A relative clause performs a similar function to an adjective in a sentence. It comes immediately after a noun in the main clause, which is called the antecedent, and gives more information about this noun.
A relative clause is introduced by a relative pronoun, such as who, whose, which and that, and this comes immediately after the antecedent.
Relative Clause in English grammar
Who and whom are used when the noun refers to a person, which is used when it refers to a thing and that can be used of either a person or thing. Whom is used when the relative pronoun is the object of the verb in the relative clause.
Whose is used when you want to refer to something relating to the person or thing you are talking about. The bold words in each of the sentences below form a relative clause.
- That’s the boy who stole the bike.
- I know the man whose wife was a surgeon.
- These are the men whose wages have been increased.
- It is a country whose population is in decline.
- He is the neighbor whom we like best.
- Here is the book that I borrowed.
- I lost the ring which he gave me.
- He hit the driver that damaged his car.
Sometimes the relative clause divides the parts of a main clause rather than coming after it. The words underlined in each of the sentences below form a relative clause:
- The house that we liked most was much too expensive for us.
- The woman whose daughter is ill is very upset.
- The dream which I had last night was very vivid.
Sometimes there is no relative pronoun at the beginning of the relative clause, as in the bolded clauses below:
- He was the best cook we ever had.
- She was not then the rich woman she later became.
- He wasn’t the man she thought he was.
There are two types of relative clause.
Defining Relative Clause
A defining relative clause identifies which person or thing you are talking about. The bold words in each of the following sentences form a defining relative clause:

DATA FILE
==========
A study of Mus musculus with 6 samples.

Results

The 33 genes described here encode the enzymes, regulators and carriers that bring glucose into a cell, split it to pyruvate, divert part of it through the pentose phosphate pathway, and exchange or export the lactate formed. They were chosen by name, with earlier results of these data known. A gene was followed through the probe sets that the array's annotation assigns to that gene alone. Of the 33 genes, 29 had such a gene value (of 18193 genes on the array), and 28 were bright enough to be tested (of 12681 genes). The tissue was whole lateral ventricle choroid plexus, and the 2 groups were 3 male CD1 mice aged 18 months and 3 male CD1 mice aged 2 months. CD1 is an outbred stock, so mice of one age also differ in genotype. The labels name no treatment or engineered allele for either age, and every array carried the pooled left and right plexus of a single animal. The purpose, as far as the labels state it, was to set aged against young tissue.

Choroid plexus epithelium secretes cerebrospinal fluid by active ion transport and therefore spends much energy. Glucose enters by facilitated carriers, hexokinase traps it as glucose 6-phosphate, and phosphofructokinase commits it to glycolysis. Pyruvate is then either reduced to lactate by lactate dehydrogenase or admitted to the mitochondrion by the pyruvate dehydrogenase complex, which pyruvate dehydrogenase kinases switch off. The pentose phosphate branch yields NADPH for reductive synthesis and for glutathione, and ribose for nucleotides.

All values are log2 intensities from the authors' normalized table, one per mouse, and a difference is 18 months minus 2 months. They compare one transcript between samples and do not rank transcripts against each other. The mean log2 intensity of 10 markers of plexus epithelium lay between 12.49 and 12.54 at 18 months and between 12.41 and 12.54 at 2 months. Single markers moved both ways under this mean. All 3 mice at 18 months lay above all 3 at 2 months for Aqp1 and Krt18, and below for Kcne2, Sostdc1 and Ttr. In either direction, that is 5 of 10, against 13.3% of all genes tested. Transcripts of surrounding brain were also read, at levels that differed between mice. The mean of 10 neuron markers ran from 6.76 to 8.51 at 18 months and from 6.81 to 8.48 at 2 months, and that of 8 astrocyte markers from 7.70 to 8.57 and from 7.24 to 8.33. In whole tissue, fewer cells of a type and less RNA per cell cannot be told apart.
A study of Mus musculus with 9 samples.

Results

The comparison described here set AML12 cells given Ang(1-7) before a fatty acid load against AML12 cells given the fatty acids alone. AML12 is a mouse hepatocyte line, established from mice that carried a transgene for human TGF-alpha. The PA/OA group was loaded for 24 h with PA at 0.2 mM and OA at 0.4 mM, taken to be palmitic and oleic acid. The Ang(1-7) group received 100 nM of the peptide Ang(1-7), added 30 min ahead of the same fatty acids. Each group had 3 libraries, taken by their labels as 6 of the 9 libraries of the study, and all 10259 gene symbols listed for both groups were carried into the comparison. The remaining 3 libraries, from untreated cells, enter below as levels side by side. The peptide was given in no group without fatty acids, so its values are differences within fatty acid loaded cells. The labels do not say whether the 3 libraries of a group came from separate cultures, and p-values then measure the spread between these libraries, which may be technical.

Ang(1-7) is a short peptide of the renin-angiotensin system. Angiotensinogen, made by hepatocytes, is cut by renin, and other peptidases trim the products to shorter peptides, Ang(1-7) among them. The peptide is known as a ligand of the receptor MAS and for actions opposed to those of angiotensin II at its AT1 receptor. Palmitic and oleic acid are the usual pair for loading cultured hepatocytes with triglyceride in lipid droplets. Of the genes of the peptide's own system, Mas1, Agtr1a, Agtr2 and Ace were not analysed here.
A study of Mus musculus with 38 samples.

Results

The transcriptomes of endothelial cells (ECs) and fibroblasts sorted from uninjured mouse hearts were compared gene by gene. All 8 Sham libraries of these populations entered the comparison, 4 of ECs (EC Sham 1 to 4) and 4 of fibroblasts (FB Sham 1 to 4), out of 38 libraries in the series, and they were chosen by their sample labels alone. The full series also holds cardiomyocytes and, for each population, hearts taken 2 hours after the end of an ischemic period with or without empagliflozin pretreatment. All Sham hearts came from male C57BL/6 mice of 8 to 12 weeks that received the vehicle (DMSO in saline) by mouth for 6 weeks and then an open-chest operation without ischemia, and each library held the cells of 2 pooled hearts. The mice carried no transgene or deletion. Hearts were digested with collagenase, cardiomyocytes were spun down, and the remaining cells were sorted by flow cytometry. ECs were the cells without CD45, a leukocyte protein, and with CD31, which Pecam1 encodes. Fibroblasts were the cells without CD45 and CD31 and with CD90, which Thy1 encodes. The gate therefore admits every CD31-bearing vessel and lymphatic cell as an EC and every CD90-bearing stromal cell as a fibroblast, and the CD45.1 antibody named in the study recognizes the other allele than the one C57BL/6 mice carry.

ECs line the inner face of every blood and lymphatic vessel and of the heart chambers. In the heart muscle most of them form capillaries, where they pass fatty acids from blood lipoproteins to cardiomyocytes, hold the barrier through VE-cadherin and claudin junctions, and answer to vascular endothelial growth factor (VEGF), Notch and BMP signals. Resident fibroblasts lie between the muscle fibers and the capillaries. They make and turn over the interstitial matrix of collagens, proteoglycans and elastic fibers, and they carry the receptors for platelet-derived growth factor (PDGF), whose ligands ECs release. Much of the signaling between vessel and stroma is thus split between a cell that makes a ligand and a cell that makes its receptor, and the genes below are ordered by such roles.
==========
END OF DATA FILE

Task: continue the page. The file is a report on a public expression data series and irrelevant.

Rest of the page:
- I recognized the woman who stole my purse.
- There is the man whom she adores.
- He bought the necklace which she had admired.
- These are the chocolates that Mum likes best.
Non-Defining Relative Clause
A non-defining relative clause is not needed to identify the person or thing that you are talking about, but it gives further information about that person or thing. The bold words in each of the following sentences form a non-defining relative clause:
- They walked down the town’s main street which was called George Street.
- He fell in love with the girl next door who became his wife.
- He got his promotion which was long overdue.
Punctuation in Relative Clauses
Where a non-defining relative clause divides the parts of a main clause it is placed within commas.
- His two sisters, who were very close to him, never got over his death.
- The old man, who is nearly 90, has become the oldest person to complete a marathon.
Commas are not used in this way in the case of defining relative clauses.
- The book that he took was very valuable.
- The car that we bought proved to be unreliable.
Prepositions in Relative Clauses
When there is a preposition in a relative clause this is often placed at the end of the clause, which is often also the end of the sentence.
Previously it was considered a grammatical error to end a sentence with a preposition, but this attitude has changed. However, the preposition can be put in front of the relative pronoun as long as the sentence so formed sounds natural. This is most often done in formal English, particularly written English.
- This is what has happened to the society which we live in. or
- This is what has happened to the society in which we live.
- Unbelievably, he has given up the job which he trained so hard for. or
- Unbelievably, he has given up the job for which he trained so hard.
- This is the kind of behavior that I refuse to put up with.